Pre-Teens with Low Reading Skills Twice as Likely to Get Pregnant in High School

C. Price

Written by: C. Price

C. Price

C. Price is part of's content team. She writes advice articles, how-to guides, and studies — all relating to dating, relationships, love, sex, and more.

Edited by: Lillian Castro

Lillian Castro

Lillian Guevara-Castro brings more than 30 years of journalism experience to ensure DatingAdvice articles have been edited for overall clarity, accuracy, and reader engagement. She has worked at The Atlanta Journal and Constitution, The Gwinnett Daily News, and The Gainesville Sun covering lifestyle topics.


Evaluating data collected from 12,339 seventh grade girls, the study found seventh grade girls with “less than average reading skills” were 2.5 times more likely to become pregnant in high school than girls with an average reading level.

The study also found seventh grade girls with above average reading skills were less likely to get pregnant in high school than girls with average reading skills.


“Twenty-one percent of seventh grade girls with below

average reading skills ended up pregnant during teen years.”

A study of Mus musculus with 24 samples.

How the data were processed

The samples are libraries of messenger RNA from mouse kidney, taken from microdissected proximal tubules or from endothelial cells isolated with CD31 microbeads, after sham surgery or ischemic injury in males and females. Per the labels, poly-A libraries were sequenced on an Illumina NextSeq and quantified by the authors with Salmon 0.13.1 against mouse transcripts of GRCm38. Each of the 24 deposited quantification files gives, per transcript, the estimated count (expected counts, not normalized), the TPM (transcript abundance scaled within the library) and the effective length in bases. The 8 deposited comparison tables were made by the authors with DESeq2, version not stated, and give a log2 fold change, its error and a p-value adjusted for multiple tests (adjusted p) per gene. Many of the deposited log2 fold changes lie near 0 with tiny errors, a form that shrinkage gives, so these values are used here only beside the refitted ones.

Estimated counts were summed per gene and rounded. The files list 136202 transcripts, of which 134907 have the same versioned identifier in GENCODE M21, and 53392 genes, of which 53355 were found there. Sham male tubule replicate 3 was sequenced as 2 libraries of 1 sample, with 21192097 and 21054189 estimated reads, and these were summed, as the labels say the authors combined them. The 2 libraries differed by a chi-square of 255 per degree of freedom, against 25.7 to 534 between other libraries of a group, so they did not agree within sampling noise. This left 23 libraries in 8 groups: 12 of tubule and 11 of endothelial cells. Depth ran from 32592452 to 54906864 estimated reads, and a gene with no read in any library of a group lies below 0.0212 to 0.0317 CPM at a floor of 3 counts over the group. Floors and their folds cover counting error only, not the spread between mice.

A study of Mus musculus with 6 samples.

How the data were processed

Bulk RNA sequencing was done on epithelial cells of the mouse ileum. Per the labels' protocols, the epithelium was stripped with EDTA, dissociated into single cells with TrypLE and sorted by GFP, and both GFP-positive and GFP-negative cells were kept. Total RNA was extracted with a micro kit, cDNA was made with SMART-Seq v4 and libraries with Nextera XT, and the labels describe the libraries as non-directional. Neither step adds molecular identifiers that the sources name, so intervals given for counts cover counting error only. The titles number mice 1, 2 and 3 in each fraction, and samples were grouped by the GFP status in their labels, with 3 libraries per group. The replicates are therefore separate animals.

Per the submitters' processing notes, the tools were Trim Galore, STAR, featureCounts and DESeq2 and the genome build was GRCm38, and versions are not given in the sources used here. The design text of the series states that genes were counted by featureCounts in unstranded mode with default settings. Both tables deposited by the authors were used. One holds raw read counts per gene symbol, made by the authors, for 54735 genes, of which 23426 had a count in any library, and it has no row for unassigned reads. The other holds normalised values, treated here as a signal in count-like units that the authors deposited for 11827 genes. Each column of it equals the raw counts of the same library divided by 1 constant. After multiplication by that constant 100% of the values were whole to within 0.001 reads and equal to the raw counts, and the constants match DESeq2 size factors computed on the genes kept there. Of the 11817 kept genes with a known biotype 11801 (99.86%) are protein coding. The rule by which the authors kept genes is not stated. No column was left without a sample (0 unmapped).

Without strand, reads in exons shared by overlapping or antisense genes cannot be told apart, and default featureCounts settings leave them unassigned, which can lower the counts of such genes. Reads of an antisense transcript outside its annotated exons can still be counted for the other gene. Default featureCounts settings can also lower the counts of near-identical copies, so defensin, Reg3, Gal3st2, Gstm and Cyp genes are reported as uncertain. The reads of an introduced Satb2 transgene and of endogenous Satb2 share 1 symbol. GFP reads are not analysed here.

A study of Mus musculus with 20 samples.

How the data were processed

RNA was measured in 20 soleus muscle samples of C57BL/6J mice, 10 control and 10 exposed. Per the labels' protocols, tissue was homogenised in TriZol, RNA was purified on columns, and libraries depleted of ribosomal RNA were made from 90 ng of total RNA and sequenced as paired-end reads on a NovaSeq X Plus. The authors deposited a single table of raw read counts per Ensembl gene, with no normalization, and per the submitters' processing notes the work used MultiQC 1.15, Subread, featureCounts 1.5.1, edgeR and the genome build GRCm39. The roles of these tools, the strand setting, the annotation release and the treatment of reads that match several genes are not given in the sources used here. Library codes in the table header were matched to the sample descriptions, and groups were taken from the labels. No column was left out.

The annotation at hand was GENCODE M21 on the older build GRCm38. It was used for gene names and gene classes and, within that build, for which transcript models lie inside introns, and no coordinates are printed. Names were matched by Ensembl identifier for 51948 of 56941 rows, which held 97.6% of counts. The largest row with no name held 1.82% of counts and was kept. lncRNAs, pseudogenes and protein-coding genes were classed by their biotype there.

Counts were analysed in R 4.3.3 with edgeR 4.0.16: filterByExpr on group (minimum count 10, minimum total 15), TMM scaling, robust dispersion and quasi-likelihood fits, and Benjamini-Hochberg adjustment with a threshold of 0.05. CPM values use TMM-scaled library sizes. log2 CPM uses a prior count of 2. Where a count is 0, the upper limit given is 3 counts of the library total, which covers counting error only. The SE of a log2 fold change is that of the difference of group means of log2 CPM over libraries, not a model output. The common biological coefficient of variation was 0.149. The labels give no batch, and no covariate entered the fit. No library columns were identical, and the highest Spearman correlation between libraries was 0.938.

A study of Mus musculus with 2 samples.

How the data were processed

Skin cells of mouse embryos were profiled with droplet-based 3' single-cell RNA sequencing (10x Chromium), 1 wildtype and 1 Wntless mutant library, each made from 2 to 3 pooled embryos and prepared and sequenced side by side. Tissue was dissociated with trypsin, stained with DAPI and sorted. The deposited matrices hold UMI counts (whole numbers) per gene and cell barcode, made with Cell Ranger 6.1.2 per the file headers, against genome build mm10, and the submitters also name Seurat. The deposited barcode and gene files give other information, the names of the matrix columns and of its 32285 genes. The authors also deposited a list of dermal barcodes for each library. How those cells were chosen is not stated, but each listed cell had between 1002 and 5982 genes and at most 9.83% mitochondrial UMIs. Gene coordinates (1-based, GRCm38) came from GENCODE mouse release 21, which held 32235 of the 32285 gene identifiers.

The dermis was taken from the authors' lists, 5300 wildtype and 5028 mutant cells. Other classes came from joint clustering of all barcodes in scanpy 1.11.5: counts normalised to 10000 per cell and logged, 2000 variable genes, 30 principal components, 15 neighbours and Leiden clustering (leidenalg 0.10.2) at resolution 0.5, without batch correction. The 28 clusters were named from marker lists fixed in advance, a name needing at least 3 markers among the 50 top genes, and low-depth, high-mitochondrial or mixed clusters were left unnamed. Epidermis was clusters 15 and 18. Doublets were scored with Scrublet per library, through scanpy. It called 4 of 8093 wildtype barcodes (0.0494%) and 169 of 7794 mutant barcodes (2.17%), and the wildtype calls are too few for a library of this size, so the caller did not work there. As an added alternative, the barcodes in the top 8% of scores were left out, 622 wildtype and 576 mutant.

Overall, 21 percent of seventh grade girls with below average reading skills ended up becoming pregnant during their teen years.

Race also played a factor in the study and seemed to compound with literary problems, as black and Hispanic seventh graders with poor reading skills were even more likely to become pregnant as teenagers than their white peers.

“We certainly know that social disadvantages definitely play a part in teen pregnancy risk, and certainly poor educational achievement is one of those factors,” said Dr. Krishna Upadhya, a reproductive health and teen pregnancy researcher from Johns Hopkins Children’s Center in Baltimore.

“This is really about adolescent health and development more broadly, so it’s really important for us to make sure that kids are in schools and in quality educational programs and that they have opportunities to grow and develop academically and vocationally,” she said.